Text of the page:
NTSB Wants Antilock Brakes on All New Motorcycles for U.S. Road Use

The safety board also recommended that NHTSA study how alcohol and other drug use contributes to motorcycle crash risk factors, compared with that of passenger vehicle drivers.

A report released this week from the National Transportation Safety Board recommends that the National Highway Traffic Safety Administration require antilock braking technology on all new motorcycles manufactured for on-road use in the United States. The report also recommends that NHTSA conduct or sponsor research to evaluate the effectiveness of stability control systems for motorcycles.

Titled "Select Risk Factors Associated with Causes of Motorcycle Crashes," NTSB Safety Report 18/01 is based on NTSB's analysis of crashes involving motorcycles with engine displacement of more than 50 cubic centimeters or a maximum design speed of 31 mph or more, with at least one reported injury sustained by either the motorcycle rider or passenger. The data came from the Federal Highway Administration's 2016 Motorcycle Crash Causation Study.

According to the most recent data available from NHTSA, in 2016 there were 5,286 motorcyclists killed in accidents, which represented a 5.1 percent increase from the 5,029 motorcyclist deaths nationwide in 2015. Per vehicle mile traveled, 2016 motorcyclist fatalities occurred nearly 28 times more frequently than passenger car occupant fatalities in traffic crashes, NHTSA reported in February 2018. That report also said in 2016, motorcycle riders involved in fatal crashes "were found to have the highest percentage of alcohol-impaired drivers than any other vehicle types -- 25% for motorcycles versus 21% for passenger cars, 20% for light trucks, and 2% for large trucks.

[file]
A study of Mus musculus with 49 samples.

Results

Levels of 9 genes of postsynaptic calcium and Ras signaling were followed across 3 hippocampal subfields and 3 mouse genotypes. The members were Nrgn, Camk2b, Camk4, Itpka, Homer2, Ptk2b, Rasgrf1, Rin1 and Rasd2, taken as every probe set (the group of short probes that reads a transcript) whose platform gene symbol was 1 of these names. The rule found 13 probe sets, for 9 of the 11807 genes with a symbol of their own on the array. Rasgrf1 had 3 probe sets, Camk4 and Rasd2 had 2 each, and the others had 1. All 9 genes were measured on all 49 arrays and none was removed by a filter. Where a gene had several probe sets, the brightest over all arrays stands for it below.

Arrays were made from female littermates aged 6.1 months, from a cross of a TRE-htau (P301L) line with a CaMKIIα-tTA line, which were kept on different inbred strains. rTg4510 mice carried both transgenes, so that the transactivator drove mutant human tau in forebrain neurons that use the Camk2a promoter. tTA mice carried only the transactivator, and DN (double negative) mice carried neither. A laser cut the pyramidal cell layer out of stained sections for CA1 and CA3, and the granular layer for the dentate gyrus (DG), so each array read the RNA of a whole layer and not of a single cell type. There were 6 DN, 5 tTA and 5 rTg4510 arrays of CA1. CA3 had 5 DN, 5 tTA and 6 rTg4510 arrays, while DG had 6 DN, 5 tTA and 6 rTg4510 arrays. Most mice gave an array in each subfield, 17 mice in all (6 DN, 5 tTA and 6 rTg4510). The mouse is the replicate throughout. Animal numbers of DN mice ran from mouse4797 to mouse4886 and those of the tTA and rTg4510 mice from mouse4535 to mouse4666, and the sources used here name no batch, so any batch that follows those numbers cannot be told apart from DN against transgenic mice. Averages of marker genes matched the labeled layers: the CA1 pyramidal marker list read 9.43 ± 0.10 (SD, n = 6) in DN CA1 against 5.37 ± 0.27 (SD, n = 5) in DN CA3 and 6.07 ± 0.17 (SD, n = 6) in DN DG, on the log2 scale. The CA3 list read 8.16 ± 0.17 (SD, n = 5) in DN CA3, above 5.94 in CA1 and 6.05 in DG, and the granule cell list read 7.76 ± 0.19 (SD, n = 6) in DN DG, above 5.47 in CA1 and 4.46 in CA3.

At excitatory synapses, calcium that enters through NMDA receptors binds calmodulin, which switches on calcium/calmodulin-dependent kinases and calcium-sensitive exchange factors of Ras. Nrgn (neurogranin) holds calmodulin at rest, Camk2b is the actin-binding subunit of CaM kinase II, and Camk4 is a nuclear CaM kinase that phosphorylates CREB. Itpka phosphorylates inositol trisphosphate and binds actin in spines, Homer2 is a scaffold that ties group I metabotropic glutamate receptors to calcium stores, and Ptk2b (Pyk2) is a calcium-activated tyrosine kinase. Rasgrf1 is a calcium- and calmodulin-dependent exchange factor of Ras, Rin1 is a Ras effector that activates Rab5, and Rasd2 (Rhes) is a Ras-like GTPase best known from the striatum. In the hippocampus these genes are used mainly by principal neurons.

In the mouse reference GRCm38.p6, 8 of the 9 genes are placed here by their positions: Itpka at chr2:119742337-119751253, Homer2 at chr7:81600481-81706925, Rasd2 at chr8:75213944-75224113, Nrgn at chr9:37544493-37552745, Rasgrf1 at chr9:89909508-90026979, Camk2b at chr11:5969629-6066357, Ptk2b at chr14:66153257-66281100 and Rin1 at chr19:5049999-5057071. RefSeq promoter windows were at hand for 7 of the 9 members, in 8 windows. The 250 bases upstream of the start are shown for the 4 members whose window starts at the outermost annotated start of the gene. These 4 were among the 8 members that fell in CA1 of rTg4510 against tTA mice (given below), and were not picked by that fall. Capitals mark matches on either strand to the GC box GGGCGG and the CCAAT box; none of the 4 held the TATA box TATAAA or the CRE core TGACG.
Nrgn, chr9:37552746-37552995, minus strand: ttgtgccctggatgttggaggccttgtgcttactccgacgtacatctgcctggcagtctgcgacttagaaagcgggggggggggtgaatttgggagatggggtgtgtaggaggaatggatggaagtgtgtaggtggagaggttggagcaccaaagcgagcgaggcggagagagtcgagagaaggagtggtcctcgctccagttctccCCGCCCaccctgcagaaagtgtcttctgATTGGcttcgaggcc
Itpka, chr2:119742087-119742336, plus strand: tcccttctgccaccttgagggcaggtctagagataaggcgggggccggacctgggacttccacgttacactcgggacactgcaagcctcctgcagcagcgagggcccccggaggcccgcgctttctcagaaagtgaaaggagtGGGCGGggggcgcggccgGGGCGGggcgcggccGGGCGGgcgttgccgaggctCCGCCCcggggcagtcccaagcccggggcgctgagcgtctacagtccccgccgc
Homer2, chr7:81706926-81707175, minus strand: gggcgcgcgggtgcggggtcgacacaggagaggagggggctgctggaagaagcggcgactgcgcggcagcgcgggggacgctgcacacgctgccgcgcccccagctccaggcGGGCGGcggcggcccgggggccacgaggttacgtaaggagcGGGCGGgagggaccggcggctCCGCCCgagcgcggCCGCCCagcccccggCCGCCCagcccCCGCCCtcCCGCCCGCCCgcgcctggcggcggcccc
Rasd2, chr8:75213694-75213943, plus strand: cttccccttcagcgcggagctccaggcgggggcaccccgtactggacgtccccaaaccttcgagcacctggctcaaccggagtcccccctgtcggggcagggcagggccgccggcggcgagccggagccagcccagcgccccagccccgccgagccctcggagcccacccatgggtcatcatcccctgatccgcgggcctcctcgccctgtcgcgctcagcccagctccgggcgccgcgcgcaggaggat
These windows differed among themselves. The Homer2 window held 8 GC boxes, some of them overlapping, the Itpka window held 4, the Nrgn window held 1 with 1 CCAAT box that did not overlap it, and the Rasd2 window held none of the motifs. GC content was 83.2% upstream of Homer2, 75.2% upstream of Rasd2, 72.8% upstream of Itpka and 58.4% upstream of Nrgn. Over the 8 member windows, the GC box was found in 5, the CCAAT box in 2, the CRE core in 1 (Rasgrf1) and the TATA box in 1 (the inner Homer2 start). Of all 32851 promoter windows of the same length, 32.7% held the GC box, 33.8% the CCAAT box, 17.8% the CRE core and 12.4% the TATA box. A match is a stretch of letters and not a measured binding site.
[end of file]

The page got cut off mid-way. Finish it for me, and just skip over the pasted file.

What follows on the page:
"The recommendations made in this report are designed to improve detection of motorcycles in traffic and give motorcycle riders more time to react to dangerous conditions," said NTSB Chairman Robert Sumwalt. "Passenger-vehicle based crash warning and prevention systems and connected vehicle technologies have the potential to enhance motorcycle safety by improving motorcycle conspicuity, but these systems are not consistently designed to detect or integrate motorcycles. Antilock braking and stability control systems on motorcycles provide riders with assistance in unexpected circumstances – riders remain in control until they need the help."

The NTSB report contains eight recommendations for NHTSA, one for the Federal Highway Administration, and one to the American Motorcyclist Association and the Motorcycle Safety Foundation. An abstract of the report that contains NTSB's findings and recommendations is available, but the full report has not yet been posted by the agency.